October is National Pregnancy and Infant Loss Awareness Month

Allie Kelsey, Viewpoints Editor

A month dedicated to the loss of a baby is very important to my mom and me. It is extremely significant to us because I was a twin, but several months into the pregnancy my mom was rushed to the hospital where she miscarried.

After a week of still not feeling well, my mom returned to the doctors to find out that she was still having me. The doctor explained that although rare, there was another baby hiding behind the baby she lost in the hospital. That baby was me and the lost baby should have been my brother, so National Pregnancy and Infant Loss Awareness Month is of special importance to my mom and me. It gives a chance to mourn the baby and brother we lost that day, but it also gives us a chance to rejoice in the fact that after a long and hard pregnancy, labor, and delivery my mom had me against all odds.

I am the only child born to my mother and she feels beyond blessed to have me as her daughter. Despite the comfort in having me, she did suffer a loss and has this special time to remember that loss, wonder about what could have been, and light a candle on October 15 for her lost angel. I did not participate in this when I was younger because it would have been difficult to explain to me, but as I got older I started to light candles with my mom on October 15 each year and spend some time thinking about my twin and our loss.

This awareness month is not just for babies who are lost by miscarriage. It is also for babies born stillborn, babies who die from Sudden Infant Death Syndrome, and babies lost unexpectedly in the beginning of their lives. The American College of Obstetricians and the Mayo Clinic estimate that 15-20% of known pregnancies are lost to miscarriage, 26,000 are stillbirths, and 4,000 infants under the age of one dies unexpectedly each year.

The sufferers of infant loss have an overwhelmingly large number, 40%, that feel alone after the loss and find themselves in a dark and empty place. Years ago it may have been considered taboo to discuss such a tragedy with others, but now people recognize the value in having open conversations about their loss. Many celebrities have come forward to share their stories to show others that it is okay to talk about it and it helps to talk about it. The singer Pink came forward and talked about her fear when she was pregnant because she had suffered a previous miscarriage. (She had a daughter.) There are many stars coming forward and sharing their stories with the hope that it will help others.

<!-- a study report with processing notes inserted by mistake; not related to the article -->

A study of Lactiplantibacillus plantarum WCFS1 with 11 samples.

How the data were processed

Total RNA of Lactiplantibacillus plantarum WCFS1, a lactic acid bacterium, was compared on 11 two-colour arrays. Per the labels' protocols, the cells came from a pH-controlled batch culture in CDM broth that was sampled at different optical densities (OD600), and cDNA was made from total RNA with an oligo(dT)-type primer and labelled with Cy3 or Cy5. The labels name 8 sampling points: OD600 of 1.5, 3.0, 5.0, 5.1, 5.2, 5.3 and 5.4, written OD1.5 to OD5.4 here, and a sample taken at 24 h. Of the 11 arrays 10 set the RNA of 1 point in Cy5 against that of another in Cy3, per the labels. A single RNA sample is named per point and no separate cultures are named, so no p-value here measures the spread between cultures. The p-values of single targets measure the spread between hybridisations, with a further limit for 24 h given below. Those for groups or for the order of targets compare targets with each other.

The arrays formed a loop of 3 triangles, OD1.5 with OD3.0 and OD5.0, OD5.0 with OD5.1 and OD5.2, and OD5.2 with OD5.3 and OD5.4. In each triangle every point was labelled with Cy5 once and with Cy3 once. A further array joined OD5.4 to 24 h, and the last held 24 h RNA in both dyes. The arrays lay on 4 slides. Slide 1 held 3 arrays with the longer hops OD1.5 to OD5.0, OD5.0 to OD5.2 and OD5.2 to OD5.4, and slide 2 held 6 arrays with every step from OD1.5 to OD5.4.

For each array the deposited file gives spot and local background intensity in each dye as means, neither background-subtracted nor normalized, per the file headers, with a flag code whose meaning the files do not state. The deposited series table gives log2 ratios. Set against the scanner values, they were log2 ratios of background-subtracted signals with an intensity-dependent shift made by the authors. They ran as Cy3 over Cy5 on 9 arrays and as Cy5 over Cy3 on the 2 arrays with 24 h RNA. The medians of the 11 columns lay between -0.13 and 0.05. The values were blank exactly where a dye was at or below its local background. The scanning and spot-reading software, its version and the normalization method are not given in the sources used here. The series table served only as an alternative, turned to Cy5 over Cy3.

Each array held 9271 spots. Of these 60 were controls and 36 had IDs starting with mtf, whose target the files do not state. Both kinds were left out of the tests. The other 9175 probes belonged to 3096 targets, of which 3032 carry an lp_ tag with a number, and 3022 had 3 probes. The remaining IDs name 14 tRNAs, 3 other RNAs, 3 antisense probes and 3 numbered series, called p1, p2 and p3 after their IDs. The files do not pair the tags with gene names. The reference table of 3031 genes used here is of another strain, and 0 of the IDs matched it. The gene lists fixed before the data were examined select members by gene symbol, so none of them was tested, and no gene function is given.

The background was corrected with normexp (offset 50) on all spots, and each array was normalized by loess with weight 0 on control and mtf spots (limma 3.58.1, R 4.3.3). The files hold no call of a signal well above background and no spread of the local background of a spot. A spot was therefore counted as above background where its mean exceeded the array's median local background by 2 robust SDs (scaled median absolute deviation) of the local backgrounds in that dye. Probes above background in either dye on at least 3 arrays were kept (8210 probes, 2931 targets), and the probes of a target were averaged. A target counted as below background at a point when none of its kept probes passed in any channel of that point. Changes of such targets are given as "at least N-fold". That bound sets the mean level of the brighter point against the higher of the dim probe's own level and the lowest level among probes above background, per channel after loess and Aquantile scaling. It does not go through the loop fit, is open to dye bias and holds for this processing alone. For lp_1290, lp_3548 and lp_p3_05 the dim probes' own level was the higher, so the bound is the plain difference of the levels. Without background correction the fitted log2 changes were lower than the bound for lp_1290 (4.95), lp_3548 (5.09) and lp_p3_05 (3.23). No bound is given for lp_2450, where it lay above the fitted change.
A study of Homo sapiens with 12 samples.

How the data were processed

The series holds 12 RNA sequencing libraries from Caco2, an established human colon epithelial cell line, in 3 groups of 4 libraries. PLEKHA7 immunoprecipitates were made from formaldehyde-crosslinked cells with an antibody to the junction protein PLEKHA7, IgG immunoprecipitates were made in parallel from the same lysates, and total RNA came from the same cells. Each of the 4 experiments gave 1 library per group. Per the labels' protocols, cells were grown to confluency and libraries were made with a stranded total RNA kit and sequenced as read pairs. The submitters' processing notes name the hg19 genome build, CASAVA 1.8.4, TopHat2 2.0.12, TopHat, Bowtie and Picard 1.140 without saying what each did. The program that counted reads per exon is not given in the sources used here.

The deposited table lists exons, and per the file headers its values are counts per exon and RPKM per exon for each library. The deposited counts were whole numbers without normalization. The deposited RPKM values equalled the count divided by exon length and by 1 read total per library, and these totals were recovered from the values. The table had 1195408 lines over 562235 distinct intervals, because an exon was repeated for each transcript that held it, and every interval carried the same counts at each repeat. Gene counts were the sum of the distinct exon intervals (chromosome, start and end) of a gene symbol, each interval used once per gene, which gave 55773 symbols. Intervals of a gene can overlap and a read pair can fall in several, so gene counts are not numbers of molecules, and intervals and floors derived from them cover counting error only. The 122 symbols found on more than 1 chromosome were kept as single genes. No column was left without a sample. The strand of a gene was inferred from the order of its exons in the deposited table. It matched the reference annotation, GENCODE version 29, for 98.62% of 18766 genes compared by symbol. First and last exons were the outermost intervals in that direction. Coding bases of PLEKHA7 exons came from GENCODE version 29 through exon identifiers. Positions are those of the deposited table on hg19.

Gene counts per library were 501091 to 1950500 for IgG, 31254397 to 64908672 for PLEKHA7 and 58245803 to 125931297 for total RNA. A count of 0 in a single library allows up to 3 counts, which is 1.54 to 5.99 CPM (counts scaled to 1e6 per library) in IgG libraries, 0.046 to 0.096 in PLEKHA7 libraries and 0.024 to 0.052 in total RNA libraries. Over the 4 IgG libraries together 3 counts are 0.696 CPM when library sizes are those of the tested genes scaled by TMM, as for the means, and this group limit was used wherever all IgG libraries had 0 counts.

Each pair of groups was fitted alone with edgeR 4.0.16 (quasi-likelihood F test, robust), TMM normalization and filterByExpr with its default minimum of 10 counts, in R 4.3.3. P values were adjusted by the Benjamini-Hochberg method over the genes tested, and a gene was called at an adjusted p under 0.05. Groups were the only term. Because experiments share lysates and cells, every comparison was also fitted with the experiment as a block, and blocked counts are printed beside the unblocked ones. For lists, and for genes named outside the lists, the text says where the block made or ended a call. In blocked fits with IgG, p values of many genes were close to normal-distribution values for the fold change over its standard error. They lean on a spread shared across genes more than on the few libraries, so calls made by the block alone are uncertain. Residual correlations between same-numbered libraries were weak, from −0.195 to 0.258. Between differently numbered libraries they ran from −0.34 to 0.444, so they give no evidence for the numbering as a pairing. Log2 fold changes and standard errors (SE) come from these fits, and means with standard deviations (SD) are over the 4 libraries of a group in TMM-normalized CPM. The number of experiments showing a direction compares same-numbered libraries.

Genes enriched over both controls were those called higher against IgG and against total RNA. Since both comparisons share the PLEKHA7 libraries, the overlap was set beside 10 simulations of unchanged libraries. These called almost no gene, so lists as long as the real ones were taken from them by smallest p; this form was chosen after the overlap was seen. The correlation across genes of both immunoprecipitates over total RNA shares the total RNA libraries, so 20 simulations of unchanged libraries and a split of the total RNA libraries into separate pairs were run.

The movement to shed light on this awareness actually began back in 1997 in the United States. On October 25 in 1988, President Reagan made the entire month of October, 1988 Pregnancy and Infant Loss Awareness Month. The goals and ideas behind this movement was to end the suffering in silence experienced by so many who lost a baby. In 2002, a movement began in America and 50 states signed a proclamation to recognize the goals and ideas of this movement. On September 28, 2006, the House of Representatives passed National Pregnancy and Infant Loss Remembrance Day to encourage American people to honor October 15 as a special day of remembrance for these angels taken too soon. All 50 states have yearly proclamations with 8 having permanent proclamations. These 8 states include: Arkansas, Kansas, Kentucky, Louisiana, Missouri, New York, Rhode Island, and South Dakota. I am proud to live in one of the states who declared permanent proclamation in this national tribute to create awareness and give support to those suffering.

October 15 has become to be known as The Wave of Light. It provides families, friends, and sufferers with an annual date to observe the loss of their loved one. This day is now called Pregnancy and Infant Loss Remembrance Day and has expanded to other places including, Canada, the United Kingdom, Western Australia, New South Wales and Italy. On this remembrance day, at 7PM in all time zones, candles are lit and left burning for one hour in memory of the precious angels lost. My mother and I hold this candle vigil wherever we are, sometimes just the two of us and sometimes with other loved ones. My grandparents also leave a candle lit for their lost grandchild.

This day has become so important to people that there has been a hashtag made for them, #PregnancyAndInfantLossRemembranceDay. People use this hashtag to post photos on social media to spread the message of this day and get the world to know and understand the importance of it to many people and their loved ones. There are many helpful websites such as Remembering Our Babies that post information about activities, walks, and events all across various states, as well as provide support, education, and awareness. First Candle provides grief support. There is a support page on Facebook. There is a blog tour on nationalshare.org. Throughout the various states, there are events planned from Walks to Remember to Light up the Sky. Two events here in New York on October 15th, 2016 include: the J.R. Lewis Sky Lighting at 200 Ocean Parkway in Wantagh, New York where the sky will be lit up with white lanterns at 7PM and there will also be a Baby Step Walk in Brooklyn at 3 PM. Sufferers are encouraged to attend and bring family and friends to support them in their remembrance.

With awareness, an opportunity to remember and grieve, and the ability to talk openly about a tragic loss many victims can heal or at least find some peace in their loss. My family is grateful that this movement was acknowledged and for the events and support groups available to us and others like us.